The Ford Explorer is the sport utility vehicle category’s 900-pound gorilla. And that enviable status is sure to continue now that Ford has lifted America’s favorite multipurpose truck to a higher plane. The 2002 Explorer hits showrooms this spring with comprehensive changes from road to roof. Track width, wheelbase, and overall width have all been increased a couple of inches. Door openings are wider and sills are lower for easier access to the interior. Fully boxing the frame members increases their resistance to twisting. In pursuit of a smoother ride and superior handling, front torsion bars have been replaced by coil springs and the rear suspension is an independent design. The standard 4.0-liter SOHC V-6 is tuned up with more torque, and an optional 240-hp 4.6-liter SOHC V-8 replaces the 5.0-liter pushrod V-8.Inside, more sophisticated underpinnings have cleared space for a third row of seats. New are side curtain air bags that stay inflated for several seconds after a lateral collision.
To check Ford engineers’ stats, we borrowed a prototype Explorer during its introduction in western Arizona. A Cheetah 24 catamaran riding a Hoss tandem-axle trailer provided 4,900 pounds of ballast, well within the 4×4 Explorer’s 7,000-pound rated capacity.
Looks are deceiving here because the new Explorer’s appearance is surprisingly similar to the previous design. But the instant you fire up the smoother, sweeter running V-8, it’s clear that the engineers were busy. The smaller but more energetic engine gets its payload rolling smartly off the mark and hustles to cruising speed. Step into the throttle on the highway and the five-speed automatic transmission swaps gears without a hitch to assist the tach needle’s climb toward a 6100 rpm redline. The incessant nudges of a heavy trailer on a less than perfectly smooth road are nicely damped by the extra weight and girth built into this model. Pitch and wobble don’t play here.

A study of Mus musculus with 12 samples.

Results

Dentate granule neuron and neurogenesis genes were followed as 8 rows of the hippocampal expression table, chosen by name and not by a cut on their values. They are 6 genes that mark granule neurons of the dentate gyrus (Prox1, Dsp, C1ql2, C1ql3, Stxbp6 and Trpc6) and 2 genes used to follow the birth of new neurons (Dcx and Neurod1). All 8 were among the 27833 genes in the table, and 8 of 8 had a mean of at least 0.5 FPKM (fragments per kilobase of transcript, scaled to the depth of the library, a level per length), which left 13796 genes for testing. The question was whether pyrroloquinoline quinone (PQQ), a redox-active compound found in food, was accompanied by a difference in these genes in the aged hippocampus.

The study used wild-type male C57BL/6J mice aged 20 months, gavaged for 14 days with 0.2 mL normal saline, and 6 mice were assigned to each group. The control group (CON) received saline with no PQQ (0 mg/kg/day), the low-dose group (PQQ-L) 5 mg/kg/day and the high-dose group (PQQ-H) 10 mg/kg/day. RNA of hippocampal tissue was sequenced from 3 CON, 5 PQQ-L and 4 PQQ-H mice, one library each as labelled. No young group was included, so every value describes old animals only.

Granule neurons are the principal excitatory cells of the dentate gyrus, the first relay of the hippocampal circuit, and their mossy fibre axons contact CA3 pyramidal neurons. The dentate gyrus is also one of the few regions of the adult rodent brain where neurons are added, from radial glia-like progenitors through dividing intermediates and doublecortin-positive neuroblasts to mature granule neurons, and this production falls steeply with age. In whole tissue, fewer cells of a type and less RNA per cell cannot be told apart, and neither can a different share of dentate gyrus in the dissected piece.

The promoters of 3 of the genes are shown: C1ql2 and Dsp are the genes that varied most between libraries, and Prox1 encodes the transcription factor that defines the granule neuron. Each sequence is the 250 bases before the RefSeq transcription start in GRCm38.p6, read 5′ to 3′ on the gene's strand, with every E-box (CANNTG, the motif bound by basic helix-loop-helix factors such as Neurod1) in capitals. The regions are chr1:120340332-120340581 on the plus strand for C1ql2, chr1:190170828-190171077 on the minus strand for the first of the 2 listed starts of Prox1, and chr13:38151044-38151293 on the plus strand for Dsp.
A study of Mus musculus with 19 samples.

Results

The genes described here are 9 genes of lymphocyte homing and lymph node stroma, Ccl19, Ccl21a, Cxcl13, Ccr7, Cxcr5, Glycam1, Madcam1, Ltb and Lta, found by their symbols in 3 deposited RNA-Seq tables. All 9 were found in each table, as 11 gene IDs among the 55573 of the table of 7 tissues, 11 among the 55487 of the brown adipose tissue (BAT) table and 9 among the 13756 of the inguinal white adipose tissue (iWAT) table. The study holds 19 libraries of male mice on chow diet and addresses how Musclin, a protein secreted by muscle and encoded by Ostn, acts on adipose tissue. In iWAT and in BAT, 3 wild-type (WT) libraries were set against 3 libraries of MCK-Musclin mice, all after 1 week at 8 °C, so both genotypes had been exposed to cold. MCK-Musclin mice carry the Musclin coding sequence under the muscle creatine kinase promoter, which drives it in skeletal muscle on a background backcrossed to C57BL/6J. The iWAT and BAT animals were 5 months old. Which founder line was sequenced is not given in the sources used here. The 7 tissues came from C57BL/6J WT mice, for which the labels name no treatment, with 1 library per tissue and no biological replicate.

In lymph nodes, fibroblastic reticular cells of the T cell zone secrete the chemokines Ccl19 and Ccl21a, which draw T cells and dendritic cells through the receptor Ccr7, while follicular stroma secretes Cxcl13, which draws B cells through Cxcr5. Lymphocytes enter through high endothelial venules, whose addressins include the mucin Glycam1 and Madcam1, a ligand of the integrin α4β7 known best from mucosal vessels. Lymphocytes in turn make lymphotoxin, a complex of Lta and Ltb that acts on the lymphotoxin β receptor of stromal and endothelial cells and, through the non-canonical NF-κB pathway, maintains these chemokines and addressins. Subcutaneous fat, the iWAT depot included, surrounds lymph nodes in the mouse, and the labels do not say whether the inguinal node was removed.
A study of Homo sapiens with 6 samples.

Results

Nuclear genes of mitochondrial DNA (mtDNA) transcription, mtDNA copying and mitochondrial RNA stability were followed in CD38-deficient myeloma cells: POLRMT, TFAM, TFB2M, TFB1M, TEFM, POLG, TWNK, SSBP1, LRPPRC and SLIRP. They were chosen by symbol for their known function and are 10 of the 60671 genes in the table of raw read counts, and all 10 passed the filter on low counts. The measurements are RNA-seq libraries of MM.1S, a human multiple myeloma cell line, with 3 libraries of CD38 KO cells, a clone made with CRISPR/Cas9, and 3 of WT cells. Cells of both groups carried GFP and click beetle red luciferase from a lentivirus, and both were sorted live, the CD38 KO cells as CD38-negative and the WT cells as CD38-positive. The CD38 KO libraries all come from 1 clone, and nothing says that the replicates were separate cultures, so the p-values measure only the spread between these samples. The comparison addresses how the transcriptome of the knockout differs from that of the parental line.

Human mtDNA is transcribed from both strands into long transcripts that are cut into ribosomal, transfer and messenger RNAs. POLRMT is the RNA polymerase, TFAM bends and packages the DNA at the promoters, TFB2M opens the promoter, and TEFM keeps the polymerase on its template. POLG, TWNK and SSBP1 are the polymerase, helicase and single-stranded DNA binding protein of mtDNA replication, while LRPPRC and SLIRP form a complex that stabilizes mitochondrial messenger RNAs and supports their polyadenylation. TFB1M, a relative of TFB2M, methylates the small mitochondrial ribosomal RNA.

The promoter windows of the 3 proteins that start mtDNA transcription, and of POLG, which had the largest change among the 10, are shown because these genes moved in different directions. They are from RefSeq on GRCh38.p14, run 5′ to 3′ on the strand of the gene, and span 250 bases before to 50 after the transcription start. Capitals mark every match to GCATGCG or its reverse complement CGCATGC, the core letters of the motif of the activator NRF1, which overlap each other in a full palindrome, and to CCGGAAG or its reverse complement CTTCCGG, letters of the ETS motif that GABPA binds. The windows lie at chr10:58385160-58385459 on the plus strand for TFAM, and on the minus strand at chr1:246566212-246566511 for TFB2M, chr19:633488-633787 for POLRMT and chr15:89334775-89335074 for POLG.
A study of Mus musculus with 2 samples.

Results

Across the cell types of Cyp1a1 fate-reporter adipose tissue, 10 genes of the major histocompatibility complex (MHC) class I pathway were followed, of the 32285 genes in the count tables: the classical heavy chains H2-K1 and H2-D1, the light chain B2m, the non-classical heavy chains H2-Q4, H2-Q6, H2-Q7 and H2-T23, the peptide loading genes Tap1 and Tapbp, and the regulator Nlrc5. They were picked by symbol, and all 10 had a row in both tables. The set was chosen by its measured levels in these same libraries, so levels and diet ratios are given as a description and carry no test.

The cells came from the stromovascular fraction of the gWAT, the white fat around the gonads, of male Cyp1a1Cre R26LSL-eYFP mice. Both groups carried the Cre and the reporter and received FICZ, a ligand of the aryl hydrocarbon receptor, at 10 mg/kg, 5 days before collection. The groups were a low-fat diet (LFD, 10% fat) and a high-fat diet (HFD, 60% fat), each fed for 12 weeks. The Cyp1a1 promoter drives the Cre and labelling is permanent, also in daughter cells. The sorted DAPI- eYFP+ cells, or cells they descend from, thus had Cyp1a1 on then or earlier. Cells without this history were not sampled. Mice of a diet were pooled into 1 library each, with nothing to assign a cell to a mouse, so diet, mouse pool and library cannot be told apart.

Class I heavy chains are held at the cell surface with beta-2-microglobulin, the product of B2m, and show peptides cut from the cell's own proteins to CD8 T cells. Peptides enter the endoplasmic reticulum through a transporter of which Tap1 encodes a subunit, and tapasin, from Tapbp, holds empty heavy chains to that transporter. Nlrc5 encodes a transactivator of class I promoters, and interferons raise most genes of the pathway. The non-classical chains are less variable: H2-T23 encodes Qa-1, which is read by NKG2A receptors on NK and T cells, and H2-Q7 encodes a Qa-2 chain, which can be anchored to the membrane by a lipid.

The new Explorer accurately follows the driver’s lead – its steering system has minimal friction and a tighter connection to the front wheels. That, in combination with more car-like suspension, yields an SUV that’s fun to drive with or without a load in tow.
Although we provoked wheelspin in Low on a launch ramp, a sensible foot on the gas pedal with the Control Trac 4×4 selector placed in Auto or High yields a smooth, stable transition from lapping water to dry land. Standard gear includes 16″ 70-series radial tires and the Goodyear Wrangler rubber on BOATING’s tester offered excellent wet traction with quiet pavement running. Inside, the third row seat folds flat. By splitting the hinged glass portion of the liftgate at a lower level, Ford has diminished the pain of loading groceries or sports gear.
|Ford Explorer Limited
|4.6-liter SOHC V-8
|Net torque (ft-lb/rpm)
|control arms, coil springs
|control arms, coil springs
|vented disc/disc; standard 4-wheel ABS
|Goodyear Wrangler AP, P245/70SR-16, all terrain
|Curb weight (lbs.)
|Towing capacity (lbs.)
|Cargo capacity (max. cu. ft.)
|Fuel capacity (gal.)
|Estimated city/highway towing fuel economy (avg. mpg)
|Price (as tested, estimated)
LAST WORD. A major infusion of clever improvements and advanced technology moves the Ford Explorer to the top of the SUV heap.